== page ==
Though Danny Schuler told State Police his wife, Diane, drank socially and occasionally used pot, her brother's family said Wednesday the news that she had done both, heavily, in the hours before a deadly Taconic State Parkway crash was the "absolute last thing" they expected.
"We would never knowingly allow our daughters to travel with someone who might jeopardize their safety," said Warren and Jackie Hance of Floral Park, in a statement read by Jackie's brother, Stephen Spagnuolo. The Hances' three daughters - Emma, 8; Alyson, 7; and Kate, 5 - were in the minivan being driven by Schuler, who is Warren Hance's sister, and were killed in the July 26 accident.
Authorities say Schuler was drunk and high on marijuana when she drove the wrong way for 1.7 miles on the Taconic in Westchester County before crashing head-on into a sport utility vehicle. The collision killed Schuler, 36, of West Babylon; her daughter, Erin, 2; and three Yonkers men in the SUV - Guy Bastardi, 49; his father, Michael Bastardi, 81; and their friend Daniel Longo, 74. Schuler's son, Bryan, 5, survived.
More questions than answers
Toxicology tests from Schuler's autopsy show that she had a "high level" of marijuana in her system, 6 grams of undigested alcohol in her stomach, and a blood-alcohol level more than twice the legal limit, authorities said.
"This toxicology report raises more questions than it provides answers for our family," they said.
Schuler, in the same interview, said that his wife seemed "fine" before she left the Hunter Lake Campground with the children at 9:30 a.m., police said. He told them he knew of no substance abuse issues or medical problems.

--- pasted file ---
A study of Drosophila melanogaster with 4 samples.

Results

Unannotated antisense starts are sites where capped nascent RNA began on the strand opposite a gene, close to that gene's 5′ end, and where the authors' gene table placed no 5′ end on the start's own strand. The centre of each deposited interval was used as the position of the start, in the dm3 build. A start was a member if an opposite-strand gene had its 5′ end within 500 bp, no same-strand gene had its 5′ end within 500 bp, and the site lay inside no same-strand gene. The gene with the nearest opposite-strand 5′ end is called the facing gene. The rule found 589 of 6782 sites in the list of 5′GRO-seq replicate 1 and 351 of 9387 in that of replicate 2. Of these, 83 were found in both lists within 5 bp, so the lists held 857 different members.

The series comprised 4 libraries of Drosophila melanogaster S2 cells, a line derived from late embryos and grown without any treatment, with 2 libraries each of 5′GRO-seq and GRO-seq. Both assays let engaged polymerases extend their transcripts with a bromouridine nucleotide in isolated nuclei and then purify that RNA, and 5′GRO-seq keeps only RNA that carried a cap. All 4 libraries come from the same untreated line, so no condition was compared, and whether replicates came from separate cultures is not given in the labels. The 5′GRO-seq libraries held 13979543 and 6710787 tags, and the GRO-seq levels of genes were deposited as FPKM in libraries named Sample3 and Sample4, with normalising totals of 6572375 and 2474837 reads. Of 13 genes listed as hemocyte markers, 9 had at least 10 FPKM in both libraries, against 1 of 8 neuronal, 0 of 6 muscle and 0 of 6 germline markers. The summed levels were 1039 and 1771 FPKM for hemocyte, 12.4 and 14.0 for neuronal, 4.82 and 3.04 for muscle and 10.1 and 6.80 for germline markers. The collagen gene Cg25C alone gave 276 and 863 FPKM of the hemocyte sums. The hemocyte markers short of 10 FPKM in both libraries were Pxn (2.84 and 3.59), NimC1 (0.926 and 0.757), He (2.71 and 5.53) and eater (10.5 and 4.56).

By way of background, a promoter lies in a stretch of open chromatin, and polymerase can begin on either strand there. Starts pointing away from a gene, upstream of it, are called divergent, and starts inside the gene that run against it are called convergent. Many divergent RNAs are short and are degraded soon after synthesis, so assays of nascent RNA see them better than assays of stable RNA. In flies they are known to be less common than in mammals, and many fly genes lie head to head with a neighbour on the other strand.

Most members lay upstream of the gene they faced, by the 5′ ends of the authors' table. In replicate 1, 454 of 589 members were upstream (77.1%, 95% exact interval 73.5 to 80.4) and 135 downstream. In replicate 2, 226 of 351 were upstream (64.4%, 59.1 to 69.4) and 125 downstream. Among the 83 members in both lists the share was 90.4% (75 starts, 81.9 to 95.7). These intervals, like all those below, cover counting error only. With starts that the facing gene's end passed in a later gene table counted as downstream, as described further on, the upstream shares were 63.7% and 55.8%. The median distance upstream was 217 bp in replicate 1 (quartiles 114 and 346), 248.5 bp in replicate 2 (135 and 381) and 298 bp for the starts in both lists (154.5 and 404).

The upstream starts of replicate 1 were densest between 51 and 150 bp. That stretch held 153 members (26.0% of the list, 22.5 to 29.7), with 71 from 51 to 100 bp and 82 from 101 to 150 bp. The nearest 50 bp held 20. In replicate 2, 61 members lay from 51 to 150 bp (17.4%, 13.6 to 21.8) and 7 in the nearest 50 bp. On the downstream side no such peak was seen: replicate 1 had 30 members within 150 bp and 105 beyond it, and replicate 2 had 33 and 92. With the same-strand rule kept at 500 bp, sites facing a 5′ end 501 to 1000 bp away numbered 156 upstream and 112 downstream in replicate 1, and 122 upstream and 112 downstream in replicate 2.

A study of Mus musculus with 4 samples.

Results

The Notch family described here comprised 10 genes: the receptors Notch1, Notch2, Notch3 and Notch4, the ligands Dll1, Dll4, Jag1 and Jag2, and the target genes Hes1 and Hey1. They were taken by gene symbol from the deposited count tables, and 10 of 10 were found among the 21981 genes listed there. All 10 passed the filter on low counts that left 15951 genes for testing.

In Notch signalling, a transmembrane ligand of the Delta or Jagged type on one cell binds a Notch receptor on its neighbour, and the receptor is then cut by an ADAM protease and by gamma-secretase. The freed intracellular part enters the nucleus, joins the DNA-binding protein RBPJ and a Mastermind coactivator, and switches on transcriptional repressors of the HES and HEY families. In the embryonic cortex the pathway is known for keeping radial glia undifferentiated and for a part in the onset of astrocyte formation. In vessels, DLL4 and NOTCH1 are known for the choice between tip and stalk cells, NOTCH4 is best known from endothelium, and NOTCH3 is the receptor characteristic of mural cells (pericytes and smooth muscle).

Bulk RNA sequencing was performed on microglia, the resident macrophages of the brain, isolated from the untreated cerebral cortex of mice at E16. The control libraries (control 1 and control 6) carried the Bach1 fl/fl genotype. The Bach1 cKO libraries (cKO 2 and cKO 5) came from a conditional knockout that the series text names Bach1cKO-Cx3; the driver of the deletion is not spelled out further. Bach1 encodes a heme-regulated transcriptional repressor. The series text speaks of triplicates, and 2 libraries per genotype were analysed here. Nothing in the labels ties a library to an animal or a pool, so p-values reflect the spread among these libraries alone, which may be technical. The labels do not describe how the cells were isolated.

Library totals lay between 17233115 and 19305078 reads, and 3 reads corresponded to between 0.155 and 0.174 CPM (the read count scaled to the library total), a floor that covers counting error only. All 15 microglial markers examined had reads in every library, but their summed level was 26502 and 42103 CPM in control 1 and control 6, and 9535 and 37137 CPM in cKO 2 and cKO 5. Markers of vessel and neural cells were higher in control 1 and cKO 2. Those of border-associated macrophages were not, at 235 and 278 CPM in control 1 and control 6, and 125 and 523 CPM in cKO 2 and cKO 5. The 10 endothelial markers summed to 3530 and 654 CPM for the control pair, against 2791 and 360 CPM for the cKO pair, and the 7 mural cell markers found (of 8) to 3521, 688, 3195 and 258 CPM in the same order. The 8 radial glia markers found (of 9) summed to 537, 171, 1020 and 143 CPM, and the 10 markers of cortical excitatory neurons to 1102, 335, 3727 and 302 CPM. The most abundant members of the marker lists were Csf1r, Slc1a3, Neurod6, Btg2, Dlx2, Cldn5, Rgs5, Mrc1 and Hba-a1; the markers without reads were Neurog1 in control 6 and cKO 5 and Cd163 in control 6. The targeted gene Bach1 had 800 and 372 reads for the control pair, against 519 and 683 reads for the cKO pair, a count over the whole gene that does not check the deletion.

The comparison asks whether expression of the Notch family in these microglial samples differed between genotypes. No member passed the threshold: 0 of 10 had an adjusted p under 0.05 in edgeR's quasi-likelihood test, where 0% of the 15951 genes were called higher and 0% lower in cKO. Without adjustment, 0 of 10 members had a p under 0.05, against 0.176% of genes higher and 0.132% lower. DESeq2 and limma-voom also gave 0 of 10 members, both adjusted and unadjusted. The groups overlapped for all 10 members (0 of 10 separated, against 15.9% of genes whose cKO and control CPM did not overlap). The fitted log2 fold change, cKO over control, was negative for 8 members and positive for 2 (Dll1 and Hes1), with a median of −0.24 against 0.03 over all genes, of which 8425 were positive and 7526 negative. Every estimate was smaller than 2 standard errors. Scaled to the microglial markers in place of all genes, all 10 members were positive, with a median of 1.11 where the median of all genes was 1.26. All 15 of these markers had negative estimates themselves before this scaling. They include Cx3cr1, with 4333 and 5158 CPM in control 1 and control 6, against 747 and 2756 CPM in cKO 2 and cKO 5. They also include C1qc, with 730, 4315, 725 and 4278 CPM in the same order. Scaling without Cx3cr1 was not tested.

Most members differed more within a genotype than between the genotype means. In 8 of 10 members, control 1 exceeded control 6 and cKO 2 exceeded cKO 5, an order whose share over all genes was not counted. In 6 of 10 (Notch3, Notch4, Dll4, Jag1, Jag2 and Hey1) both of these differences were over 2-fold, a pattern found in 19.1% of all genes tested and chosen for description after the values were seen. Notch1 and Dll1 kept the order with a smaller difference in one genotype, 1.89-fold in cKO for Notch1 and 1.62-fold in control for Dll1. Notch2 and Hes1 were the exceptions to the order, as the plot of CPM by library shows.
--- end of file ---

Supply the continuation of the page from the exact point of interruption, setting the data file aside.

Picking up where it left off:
Attorney Dominic A. Barbara, saying he now represents Danny Schuler, announced he would hold a news conference Thursday at his Garden City offices. On Wednesday night, in broadcast reports Barbara said an undisclosed medical condition may have contributed to Diane Schuler's fatal crash. He said he would reveal more details at the news conference.
Investigators said an autopsy had ruled out any underlying medical conditions, such as heart attack, stroke or diabetes, to explain the crash.
The campground owner, Ann Scott, described Diane Schuler as "sober as a judge" when she left the site July 26. "Never saw her smoke a cigarette. Never saw her with a drink in her hand," Scott added Wednesday.
Though police said Tuesday that they have received "limited information" from Schuler's husband and brother, the Hances said they have and will cooperate with authorities.
Civil suit possible
Attorneys for the Bastardi family suggested Wednesday that Schuler's family knew more than they have told police and said lawsuits would be filed soon against her loved ones.
"There's a strong fragrance of criminality," said Irving Anolik, a Nanuet attorney representing the Bastardi family. "It's hard for me to believe that the family did not know that this woman had an alcohol problem or a drug problem. This could not have manifested itself all of a sudden out of the clear blue sky on that one Sunday morning."
Another attorney, Marshall Neimark of New City, who also represents the family, said the Bastardis would use this tragedy to speak out against drunken driving.
Neimark said the family could pursue a civil suit against the owner of the minivan being driven by Schuler.
Records indicate the minivan was registered to Warren Hance, Schuler's brother. "If I can prognosticate, it appears that there will be a civil suit," Anolik said.
"They've been given a platform that they didn't ask for, and they intend to use that platform in the hopes of making sure that Guy and Michael did not die in vain," Neimark saidThe Bastardi family and the Longo family met for an hour Wednesday with Westchester County District Attorney Janet DiFiore. Anolik said DiFiore did not rule out empaneling a grand jury to consider the case. A spokesman for DiFiore declined to comment.
Stephen Lungen, the district attorney for Sullivan County, said State Police have not presented his office with any evidence of criminal wrongdoing by anyone other than Diane Schuler. Legal experts say charges could be brought in that county because the campground where the Schulers stayed is located there.